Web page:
Media results and coverage are core deliverables for most companies that seek PR agency support. Nevertheless, today’s PR agencies are too easily distracted by other communications disciplines and mechanics, thereby neglecting the fundamentals required to be effective in the results-focused world of media relations. In a rush to adopt newer specializations, such as ESG, strategic counsel, high-level content production and creative excellence—the industry has neglected the importance of human-to-human relationships. Moreover, the pandemic diluted our ability to foster in-person connections, as annual conferences and routine meetings had to be virtual, eliminating critical face-to-face interactions.
According to a recent survey by GRC, it is likely that PR agencies have forgotten how much media relationships truly matter (emphasis on relationships). The connection between PR professionals and journalists is fraying, and it’s time we invested more in rapport-building by returning to the roots of public relations. Focusing on the strategic management of relationships will reforge and strengthen the longstanding links which once joined PR agencies and the media together.
How to create better relationships
When building any friendship, the relationship must go both ways—anything too one-sided would be considered by many to be unhealthy or even toxic. Similarly, it should come as no surprise that professionals desire respect. Human nature is the same whether someone is in or outside of the work environment.
In the survey conducted by GRC, 1,026 members of the U.S. media across all industries took the time to answer questions that covered a wide range of topics, including what they appreciated most and least from public relations professionals. While the results showed that 62 percent of journalists still see their relationship with PR pros as important, the reciprocity of the past has waned as 56 percent of journalists said that PR people don’t respect or understand what they need.
It’s necessary to return to some of the foundational principles of media relations to restore the deteriorating bonds between PR and the media.
Although 80 percent of journalists rely on the PR industry for news, over half admitted that they often receive inaccurate information. Relationships grow and thrive off consistency—no one likes a friend who may or may not follow through with their promises. It’s up to us to put in the work to make sure the material we provide is reliable and delivered promptly.
As stated earlier, any honest partnership must be reciprocal. By respecting business objectives and not taking advantage of each other, the PR industry will foster a symbiotic relationship with the media and not a parasitic one.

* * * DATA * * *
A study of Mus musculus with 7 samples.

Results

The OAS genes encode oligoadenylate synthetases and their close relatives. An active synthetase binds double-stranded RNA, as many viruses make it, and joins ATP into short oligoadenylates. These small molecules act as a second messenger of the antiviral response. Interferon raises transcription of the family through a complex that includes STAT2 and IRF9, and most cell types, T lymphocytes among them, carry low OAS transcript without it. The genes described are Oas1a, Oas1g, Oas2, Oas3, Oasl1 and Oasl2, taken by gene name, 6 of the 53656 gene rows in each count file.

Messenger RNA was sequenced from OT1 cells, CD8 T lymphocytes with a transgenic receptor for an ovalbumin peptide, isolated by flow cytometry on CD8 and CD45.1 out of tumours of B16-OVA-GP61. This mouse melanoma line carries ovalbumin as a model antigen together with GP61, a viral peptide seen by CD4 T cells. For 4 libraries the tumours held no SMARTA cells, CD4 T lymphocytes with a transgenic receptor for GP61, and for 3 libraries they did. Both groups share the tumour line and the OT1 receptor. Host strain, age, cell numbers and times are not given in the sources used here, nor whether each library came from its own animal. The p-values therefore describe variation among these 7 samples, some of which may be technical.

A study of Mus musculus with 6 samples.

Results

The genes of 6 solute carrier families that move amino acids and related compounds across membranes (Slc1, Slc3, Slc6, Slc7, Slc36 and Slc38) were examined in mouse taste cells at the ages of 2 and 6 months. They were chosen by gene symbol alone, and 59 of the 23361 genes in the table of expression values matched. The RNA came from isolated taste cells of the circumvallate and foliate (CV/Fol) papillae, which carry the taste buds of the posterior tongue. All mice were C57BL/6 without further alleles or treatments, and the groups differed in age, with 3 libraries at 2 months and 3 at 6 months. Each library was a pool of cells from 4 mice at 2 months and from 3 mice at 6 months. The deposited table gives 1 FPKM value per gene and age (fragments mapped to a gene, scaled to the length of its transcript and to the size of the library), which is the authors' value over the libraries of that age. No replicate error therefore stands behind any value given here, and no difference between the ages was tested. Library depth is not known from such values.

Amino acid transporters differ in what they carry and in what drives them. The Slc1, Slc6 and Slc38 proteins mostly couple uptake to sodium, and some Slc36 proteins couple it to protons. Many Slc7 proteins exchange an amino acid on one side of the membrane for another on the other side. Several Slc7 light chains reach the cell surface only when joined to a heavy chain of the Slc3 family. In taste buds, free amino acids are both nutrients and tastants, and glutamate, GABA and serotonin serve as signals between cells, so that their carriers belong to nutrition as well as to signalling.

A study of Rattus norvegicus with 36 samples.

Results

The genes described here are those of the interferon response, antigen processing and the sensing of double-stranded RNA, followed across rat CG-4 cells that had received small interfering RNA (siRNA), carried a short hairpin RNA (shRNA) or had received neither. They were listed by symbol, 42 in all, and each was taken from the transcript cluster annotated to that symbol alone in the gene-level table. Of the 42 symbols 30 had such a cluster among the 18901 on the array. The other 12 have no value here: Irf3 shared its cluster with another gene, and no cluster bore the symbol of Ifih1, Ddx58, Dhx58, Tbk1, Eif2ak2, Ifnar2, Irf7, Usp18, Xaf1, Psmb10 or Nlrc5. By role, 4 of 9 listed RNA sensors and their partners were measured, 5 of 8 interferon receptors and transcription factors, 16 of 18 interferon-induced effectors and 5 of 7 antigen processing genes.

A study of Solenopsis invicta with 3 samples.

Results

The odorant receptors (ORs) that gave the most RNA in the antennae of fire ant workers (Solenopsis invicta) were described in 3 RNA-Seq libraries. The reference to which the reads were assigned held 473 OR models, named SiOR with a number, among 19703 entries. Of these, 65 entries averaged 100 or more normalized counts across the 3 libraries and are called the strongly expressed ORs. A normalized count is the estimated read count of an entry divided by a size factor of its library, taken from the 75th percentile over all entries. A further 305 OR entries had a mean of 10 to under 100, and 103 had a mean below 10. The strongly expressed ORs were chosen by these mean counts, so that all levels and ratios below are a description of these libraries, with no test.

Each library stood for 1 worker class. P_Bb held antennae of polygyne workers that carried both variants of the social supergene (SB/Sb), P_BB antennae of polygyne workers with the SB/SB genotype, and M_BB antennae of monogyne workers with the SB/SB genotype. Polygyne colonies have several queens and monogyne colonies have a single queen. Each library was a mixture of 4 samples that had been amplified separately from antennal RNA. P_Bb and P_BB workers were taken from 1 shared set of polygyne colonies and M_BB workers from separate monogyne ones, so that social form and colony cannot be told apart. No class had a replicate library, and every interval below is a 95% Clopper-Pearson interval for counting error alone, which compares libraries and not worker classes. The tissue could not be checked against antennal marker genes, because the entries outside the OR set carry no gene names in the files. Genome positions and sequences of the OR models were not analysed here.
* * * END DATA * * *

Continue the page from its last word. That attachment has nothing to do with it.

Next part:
Of all the content journalists receive (releases, pitches, article abstracts), 45% felt that the content was only somewhat helpful, and 11% thought it was not helpful at all. PR agencies must deeply understand the needs of reporters, along with their outlets and audiences.
Too often, journalists feel that the PR industry is full of salespeople. One day, PR pros will bombard journalists with emails only to go dark for months once they have gotten what they wanted. The best way to communicate with a journalist is in a continuous, honest and time-sensitive manner. When paired with the previous principles, this form of communication will help diminish the stereotype that we are salesmen looking to make a quick buck.
There’s nothing more offensive than being called a spin doctor. Yet, that is just what the PR industry is notorious for doing. PR professionals should promote the most positive and unique aspect of a story, product or service, rather than exaggerating or downplaying it. Delivering on authenticity will be very beneficial in the long run.
Reputation is a PR agency’s one constant; the thing they can rely on to meet challenges of legitimacy. Consider reputation management to be like a garden. Media relations is a long game, and an agency will always reap what they sow. Planting “relationship seeds” will result in a fruitful crop for years to come.
The Golden Rule still applies
Although a story’s life cycle begins with PR professionals, we should recognize that we are in an equilateral triangle relationship comprised of three stakeholders—journalists, companies and PR practitioners—all dependent on one another in an expanding ecosystem. By knowing our place in that ecosystem and by applying the golden rule to media relationships, we can build a more genuine and long-lasting connection with the media.